China has invested heavily in Africa’s infrastructure development under its Belt and Road Initiative (BRI) for the past ten years, but even the world’s second-largest economy has had to cut back funding due to tough economic times.
The economic slump brought on by the Covid-19 pandemic has seen the country restructure the BRI, which led it to cut funding for most of its infrastructure development projects in Africa.
However, this gap has been filled rather quickly by investments by the United Arab Emirates (UAE), which has expanded its footprint across the continent in several significant port and other infrastructure projects.
The UAE is the fourth-largest investor in Africa followed by China, Europe and the United States.
UAE launched its ‘Principles of the 50’ document in 2021, which highlights its growth path for the next 50 years and focuses on a renewed foreign policy that places its economy first.
Dubai-based DP World and Abu-Dhabi’s AD Ports have extended their influence across African ports over the past ten years. Both port operators are owned by UAE royal families.
DP World and AD Ports operate 12 port facilities in Africa, including a logistics platform in Rwanda.
DP World’s acquisition of South Africa-based Imperial Logistics, which provides services across 26 African and European countries, has contributed significantly to this growth in revenue and the company’s strength on the continent. Africa comprised 10% of DP World’s revenue in 2021, via its port operations in seven African countries.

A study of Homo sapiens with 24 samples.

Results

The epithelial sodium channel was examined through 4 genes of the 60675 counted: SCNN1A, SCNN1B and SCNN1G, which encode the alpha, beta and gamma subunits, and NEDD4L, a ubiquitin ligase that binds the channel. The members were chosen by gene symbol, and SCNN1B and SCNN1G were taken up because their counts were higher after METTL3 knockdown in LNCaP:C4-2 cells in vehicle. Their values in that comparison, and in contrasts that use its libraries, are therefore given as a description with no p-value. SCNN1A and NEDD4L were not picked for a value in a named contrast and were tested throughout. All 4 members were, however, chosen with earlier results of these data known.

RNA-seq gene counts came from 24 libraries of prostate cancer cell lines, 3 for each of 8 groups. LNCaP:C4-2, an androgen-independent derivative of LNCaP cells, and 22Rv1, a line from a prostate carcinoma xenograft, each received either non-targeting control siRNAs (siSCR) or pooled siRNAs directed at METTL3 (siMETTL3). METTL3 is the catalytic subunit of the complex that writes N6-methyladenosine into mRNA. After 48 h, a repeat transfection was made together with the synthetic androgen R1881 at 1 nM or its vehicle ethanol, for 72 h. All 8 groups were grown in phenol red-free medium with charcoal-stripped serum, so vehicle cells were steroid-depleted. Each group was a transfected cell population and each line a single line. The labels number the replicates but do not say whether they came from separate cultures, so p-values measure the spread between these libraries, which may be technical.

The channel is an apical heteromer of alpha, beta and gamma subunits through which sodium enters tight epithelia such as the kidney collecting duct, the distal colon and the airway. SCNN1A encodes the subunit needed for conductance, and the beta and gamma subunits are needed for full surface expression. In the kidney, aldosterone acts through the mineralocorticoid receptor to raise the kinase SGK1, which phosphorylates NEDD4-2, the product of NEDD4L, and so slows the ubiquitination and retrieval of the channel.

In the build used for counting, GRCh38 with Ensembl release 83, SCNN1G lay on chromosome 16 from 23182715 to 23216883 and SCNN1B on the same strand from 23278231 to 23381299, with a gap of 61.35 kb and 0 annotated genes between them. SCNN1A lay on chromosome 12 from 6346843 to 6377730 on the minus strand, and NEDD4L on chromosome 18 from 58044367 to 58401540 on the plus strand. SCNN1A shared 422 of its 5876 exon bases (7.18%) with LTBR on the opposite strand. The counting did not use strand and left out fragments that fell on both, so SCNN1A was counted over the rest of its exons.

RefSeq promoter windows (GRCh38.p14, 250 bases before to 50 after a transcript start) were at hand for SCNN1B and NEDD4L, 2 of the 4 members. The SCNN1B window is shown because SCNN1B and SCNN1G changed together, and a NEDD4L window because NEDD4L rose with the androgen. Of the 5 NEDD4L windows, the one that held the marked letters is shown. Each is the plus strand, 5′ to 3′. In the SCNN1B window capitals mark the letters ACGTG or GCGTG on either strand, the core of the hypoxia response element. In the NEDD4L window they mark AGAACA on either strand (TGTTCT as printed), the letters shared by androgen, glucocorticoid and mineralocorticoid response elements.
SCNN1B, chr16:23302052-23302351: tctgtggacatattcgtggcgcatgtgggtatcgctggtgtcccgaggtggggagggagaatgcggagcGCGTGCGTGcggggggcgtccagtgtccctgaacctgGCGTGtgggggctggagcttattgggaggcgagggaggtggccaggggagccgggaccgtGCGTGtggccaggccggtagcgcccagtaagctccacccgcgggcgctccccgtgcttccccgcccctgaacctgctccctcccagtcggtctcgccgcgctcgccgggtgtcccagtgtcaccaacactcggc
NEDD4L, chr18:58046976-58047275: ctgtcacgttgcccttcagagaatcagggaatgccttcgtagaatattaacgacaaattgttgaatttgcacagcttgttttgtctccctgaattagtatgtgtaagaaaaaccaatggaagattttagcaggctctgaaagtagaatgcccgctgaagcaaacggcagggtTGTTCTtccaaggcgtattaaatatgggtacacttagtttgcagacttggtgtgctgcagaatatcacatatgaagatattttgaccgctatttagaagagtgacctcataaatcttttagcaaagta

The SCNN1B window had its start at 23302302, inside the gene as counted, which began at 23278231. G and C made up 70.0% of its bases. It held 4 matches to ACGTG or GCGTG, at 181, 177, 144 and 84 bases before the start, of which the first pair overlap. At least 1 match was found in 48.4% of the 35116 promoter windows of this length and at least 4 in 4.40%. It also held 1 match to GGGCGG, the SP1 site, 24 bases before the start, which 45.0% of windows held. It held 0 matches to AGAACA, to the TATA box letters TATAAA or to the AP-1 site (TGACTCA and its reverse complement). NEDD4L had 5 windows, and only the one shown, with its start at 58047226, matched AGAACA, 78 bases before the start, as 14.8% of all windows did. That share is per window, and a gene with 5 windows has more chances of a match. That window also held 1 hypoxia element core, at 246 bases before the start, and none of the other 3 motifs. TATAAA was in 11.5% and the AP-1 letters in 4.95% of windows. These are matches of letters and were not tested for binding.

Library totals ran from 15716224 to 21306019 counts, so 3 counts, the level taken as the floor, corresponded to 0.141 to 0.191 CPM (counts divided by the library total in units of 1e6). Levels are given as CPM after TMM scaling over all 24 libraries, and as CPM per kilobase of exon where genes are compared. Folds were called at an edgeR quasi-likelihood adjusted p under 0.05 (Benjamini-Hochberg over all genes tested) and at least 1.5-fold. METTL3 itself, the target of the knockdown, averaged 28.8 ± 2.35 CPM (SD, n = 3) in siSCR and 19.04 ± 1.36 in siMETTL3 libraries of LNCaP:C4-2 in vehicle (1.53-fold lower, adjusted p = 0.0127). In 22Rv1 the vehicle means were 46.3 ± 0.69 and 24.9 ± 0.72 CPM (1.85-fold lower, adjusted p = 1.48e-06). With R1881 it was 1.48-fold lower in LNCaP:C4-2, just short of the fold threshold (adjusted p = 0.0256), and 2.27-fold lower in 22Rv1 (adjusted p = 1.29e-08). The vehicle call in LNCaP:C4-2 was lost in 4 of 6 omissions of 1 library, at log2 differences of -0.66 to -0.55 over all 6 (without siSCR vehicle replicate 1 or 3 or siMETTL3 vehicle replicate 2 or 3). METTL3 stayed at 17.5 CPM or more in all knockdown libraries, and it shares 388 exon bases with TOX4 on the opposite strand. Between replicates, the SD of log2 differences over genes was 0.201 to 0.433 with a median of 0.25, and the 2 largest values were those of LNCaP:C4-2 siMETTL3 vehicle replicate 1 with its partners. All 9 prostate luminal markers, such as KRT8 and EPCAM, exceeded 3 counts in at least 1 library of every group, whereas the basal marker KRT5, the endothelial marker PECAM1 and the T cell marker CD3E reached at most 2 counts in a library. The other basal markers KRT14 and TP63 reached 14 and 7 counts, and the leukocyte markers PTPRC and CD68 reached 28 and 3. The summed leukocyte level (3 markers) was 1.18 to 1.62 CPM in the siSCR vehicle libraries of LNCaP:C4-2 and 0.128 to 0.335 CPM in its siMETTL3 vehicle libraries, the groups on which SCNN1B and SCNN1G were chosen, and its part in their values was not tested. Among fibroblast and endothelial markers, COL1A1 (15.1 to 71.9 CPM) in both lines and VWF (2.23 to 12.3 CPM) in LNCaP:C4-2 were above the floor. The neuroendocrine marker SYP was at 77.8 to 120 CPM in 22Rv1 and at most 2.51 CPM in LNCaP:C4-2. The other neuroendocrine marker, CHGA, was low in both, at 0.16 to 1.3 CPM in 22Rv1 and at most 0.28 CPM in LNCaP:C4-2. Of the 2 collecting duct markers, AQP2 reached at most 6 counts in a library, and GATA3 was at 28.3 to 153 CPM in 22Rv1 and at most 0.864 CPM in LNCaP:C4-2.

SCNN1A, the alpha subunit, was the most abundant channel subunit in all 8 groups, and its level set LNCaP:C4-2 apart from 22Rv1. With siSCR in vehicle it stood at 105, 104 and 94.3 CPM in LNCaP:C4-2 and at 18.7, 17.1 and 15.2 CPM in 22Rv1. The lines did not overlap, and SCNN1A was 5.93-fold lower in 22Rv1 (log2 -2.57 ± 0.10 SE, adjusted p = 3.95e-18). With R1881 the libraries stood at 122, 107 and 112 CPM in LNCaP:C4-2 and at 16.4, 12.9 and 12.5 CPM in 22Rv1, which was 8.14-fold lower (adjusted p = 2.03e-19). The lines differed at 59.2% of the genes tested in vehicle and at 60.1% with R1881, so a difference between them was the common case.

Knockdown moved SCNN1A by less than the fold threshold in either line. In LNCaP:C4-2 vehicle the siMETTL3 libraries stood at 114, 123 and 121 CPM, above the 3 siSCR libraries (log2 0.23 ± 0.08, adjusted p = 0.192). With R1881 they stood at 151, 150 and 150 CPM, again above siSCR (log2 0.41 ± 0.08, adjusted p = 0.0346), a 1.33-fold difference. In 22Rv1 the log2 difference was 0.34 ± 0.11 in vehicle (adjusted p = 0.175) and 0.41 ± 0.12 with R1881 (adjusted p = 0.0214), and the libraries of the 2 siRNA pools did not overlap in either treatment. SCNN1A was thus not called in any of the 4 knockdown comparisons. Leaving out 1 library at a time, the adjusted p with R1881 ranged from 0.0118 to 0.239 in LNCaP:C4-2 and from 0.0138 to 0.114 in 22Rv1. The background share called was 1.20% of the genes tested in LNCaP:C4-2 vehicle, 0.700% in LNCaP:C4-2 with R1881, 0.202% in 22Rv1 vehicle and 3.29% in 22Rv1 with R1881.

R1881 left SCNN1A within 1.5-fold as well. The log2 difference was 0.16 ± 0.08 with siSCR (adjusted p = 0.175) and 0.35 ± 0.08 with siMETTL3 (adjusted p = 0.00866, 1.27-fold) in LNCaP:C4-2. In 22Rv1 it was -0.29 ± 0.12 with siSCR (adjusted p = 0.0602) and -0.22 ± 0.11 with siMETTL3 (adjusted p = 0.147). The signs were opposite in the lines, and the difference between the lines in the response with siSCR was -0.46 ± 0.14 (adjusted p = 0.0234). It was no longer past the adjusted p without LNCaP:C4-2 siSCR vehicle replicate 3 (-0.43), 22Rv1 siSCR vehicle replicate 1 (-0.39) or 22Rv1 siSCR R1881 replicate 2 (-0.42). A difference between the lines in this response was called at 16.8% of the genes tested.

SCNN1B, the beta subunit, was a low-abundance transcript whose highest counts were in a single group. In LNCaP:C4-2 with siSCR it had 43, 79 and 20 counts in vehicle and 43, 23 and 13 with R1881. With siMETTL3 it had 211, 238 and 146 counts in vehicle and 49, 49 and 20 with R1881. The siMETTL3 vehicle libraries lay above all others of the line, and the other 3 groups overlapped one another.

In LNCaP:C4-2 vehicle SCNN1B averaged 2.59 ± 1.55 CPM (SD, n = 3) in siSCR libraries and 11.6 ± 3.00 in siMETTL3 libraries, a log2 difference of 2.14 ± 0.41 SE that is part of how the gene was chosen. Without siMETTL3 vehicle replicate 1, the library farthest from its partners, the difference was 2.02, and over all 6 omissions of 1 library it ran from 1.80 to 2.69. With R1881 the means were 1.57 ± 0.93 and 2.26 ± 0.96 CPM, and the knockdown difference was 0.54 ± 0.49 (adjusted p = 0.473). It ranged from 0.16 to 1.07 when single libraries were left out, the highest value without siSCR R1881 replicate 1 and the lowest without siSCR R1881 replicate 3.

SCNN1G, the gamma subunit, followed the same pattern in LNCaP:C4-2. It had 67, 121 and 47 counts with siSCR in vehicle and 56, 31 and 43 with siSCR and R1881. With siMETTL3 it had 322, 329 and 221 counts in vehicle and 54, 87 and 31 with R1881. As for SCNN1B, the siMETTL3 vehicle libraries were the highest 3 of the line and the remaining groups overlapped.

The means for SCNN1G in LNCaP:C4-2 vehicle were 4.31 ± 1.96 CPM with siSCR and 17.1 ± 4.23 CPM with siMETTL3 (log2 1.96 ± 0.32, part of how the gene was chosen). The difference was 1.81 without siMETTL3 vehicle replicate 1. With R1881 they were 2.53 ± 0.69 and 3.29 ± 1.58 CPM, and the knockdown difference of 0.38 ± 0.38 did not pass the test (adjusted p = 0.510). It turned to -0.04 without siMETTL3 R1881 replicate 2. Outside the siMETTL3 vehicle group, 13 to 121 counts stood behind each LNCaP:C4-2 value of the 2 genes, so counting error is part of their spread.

AD Ports acquired a controlling stake in Egypt’s Transmar Shipping and Transcargo International Company (TCI) in 2021, providing the operator with a leading position in port operations in the region.
UAE’s port operations in Africa are structured under port concessions averaging more than 20 years, positioning it as a top competitor to China, which is seeking port concessions on the continent.
Eleonara Ardemagni, a senior research fellow at the Italian Institute for International Political Studies, explained that the UAE’s “string of ports strategy” allowed it to access African economies and markets.
She said the Jebel Ali port in Dubai played the role of a super hub, linking Africa and Asia.
“It is a One Port, One Node Strategy, with each African port representing a node connecting the Gulf with Africa,” Ardemangi said.